Colorado's Sudanese community might be thousands of miles from Sudan, but they want to help their countrymen any way they can.
"This is really a humanitarian crisis. We need as much support as possible," says Wafa Saeed, executive director of the Sudanese American Public Affairs Association, which is based in Aurora.
Saeed is part of a group of activists in Colorado who are pushing for the state's elected officials to take action to end the violence currently gripping Sudan. In particular, they want politicians to condemn the violence and its perpetrators, support an international investigation into what's happened so far, and demand a transfer of power to a civilian-led government.
Since December, the East African nation has seen waves of protests aimed at overthrowing its dictatorial regime. The protests were successful in dislodging longtime dictator Omar al-Bashir, but have not managed to remove the military from government leadership. And earlier this month, soldiers and militia members shot protesters in Khartoum, the country's capital, killing over 100.
On June 8, metro Denver's Sudanese community gathered for a rally in Civic Center Park to raise awareness of the situation in Sudan. On June 30, Sudanese activists will hold a candlelight vigil on the steps of the State Capitol; Saeed says the action will be part of a nationwide demonstration in solidarity with the protesters in Sudan.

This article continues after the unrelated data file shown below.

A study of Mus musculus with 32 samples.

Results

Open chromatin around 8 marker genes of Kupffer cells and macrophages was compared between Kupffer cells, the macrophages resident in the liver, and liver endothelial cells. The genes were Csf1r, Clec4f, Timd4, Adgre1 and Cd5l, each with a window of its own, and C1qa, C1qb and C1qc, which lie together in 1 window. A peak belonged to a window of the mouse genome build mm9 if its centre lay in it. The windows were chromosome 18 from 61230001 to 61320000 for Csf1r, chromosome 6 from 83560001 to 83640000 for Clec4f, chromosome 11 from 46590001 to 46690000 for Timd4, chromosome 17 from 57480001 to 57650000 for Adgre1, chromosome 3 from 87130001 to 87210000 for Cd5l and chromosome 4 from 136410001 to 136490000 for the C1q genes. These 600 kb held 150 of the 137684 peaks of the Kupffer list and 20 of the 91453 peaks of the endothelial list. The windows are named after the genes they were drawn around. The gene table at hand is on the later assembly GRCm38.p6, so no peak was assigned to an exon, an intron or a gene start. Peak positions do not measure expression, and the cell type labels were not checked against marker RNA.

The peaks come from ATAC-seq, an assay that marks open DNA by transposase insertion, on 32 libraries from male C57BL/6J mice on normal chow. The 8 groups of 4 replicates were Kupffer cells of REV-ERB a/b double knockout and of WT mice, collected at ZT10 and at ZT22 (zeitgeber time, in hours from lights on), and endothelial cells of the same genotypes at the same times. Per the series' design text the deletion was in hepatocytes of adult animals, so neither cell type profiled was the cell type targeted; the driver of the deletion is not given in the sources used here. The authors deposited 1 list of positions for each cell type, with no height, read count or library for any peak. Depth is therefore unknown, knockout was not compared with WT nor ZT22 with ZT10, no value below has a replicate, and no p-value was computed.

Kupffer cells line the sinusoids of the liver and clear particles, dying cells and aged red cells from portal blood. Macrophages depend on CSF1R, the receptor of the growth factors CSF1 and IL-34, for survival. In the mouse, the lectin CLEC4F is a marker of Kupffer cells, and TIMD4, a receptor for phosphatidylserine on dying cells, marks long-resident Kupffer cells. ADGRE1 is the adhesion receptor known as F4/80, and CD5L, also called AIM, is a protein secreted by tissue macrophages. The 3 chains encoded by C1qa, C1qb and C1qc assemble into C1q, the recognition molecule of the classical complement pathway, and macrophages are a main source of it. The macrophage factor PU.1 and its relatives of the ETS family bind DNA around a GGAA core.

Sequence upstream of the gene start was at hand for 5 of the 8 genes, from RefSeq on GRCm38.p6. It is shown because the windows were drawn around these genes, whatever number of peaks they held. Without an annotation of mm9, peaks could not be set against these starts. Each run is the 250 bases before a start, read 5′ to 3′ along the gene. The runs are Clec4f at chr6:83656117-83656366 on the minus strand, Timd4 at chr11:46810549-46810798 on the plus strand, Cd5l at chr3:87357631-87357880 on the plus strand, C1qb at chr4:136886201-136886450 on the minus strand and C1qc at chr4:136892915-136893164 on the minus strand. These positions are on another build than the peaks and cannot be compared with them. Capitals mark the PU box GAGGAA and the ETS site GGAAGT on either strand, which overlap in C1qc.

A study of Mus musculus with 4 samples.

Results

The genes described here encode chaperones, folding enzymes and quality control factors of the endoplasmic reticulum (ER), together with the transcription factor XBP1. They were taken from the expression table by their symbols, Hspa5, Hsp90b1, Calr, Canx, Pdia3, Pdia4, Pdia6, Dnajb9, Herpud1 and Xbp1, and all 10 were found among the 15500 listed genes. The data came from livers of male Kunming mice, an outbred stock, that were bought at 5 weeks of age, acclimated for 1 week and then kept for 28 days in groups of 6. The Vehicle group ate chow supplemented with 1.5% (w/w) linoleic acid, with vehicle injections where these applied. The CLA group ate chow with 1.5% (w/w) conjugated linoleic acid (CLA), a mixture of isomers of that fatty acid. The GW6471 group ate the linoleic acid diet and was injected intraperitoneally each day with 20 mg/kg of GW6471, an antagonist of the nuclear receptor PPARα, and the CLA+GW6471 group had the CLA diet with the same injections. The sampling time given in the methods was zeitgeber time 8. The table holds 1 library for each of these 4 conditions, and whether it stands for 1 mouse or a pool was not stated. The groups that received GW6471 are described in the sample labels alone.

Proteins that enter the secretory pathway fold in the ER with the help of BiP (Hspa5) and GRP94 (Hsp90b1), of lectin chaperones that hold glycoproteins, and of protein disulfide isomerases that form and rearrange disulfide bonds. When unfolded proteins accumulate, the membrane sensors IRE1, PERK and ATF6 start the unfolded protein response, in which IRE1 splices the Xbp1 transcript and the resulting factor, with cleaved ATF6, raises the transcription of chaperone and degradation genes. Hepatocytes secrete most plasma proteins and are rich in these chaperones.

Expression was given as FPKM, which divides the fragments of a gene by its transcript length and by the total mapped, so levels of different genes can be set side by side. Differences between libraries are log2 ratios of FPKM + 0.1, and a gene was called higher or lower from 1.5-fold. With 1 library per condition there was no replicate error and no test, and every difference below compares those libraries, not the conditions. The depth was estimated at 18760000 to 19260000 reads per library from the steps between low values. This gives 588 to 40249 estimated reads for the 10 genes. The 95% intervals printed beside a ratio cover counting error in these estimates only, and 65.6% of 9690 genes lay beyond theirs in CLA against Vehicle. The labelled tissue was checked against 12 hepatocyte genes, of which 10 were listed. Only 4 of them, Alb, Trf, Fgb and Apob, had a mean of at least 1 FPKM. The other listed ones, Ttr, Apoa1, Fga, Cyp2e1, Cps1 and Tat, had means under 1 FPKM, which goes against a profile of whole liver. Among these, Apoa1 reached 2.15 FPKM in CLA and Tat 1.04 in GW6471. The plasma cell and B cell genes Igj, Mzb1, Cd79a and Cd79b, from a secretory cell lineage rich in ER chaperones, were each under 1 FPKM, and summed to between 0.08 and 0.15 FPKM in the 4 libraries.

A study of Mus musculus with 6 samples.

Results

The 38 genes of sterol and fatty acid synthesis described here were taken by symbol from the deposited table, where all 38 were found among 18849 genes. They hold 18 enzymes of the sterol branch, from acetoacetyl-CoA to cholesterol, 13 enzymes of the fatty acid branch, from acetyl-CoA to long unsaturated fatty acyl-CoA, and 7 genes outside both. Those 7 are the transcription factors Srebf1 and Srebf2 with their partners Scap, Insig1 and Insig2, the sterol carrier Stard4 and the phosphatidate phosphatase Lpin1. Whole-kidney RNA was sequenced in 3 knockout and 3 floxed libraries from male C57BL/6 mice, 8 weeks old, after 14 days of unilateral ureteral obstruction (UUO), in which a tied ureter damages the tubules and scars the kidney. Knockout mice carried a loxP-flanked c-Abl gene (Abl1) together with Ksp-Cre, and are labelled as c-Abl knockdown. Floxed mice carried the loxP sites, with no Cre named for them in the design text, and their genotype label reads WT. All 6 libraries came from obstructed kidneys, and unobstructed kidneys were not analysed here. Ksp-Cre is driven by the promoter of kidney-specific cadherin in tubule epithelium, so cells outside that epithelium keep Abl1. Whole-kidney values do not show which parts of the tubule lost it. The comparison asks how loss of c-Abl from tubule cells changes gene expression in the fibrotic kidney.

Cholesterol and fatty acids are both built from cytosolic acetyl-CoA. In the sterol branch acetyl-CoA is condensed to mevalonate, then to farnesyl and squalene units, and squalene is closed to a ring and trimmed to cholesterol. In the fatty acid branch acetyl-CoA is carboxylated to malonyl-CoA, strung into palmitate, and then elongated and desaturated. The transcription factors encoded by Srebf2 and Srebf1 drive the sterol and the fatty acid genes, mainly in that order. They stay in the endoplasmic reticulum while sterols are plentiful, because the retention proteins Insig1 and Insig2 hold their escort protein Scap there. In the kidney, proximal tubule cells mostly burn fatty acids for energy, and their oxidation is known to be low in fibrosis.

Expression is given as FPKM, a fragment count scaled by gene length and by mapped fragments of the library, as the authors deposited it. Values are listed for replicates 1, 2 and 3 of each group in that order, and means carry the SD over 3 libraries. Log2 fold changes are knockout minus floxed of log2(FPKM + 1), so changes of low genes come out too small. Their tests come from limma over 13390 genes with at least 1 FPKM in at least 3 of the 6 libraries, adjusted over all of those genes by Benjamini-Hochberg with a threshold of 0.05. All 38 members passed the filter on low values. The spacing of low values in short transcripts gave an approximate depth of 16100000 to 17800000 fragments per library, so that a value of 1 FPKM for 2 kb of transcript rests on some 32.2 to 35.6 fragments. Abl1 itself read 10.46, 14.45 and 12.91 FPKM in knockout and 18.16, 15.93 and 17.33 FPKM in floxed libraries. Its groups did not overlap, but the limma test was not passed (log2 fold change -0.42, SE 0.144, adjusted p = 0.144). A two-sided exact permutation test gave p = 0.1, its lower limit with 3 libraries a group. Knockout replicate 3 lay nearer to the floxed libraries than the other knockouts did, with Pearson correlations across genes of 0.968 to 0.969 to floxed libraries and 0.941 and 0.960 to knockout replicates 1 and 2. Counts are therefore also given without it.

Congresswoman Diana DeGette, who represents Denver, has also expressed solidarity: “What’s happening in Sudan shouldn’t be allowed to happen anywhere in this world. We must not turn a blind eye to the violence and bloodshed that’s ongoing there. The U.S. needs to be doing everything it can to help support the Sudanese people and bring an end to the violence.”
Voices from outside Sudan pushing back against violence are particularly important now, activists say, because of what's been happening inside the country. The government has instituted an Internet blackout, limiting the ability for activists to publicize what's happening. Saeed hasn't been able to contact family members in Sudan for weeks, she says.
Colorado is home to a large Sudanese diaspora community; many have relocated to Denver and Aurora, but there are also large communities in Fort Collins, Boulder and Colorado Springs. Between 1980 and 2017, Colorado welcomed over a thousand refugees from Sudan; other Sudanese have come here as immigrants searching for better economic opportunities.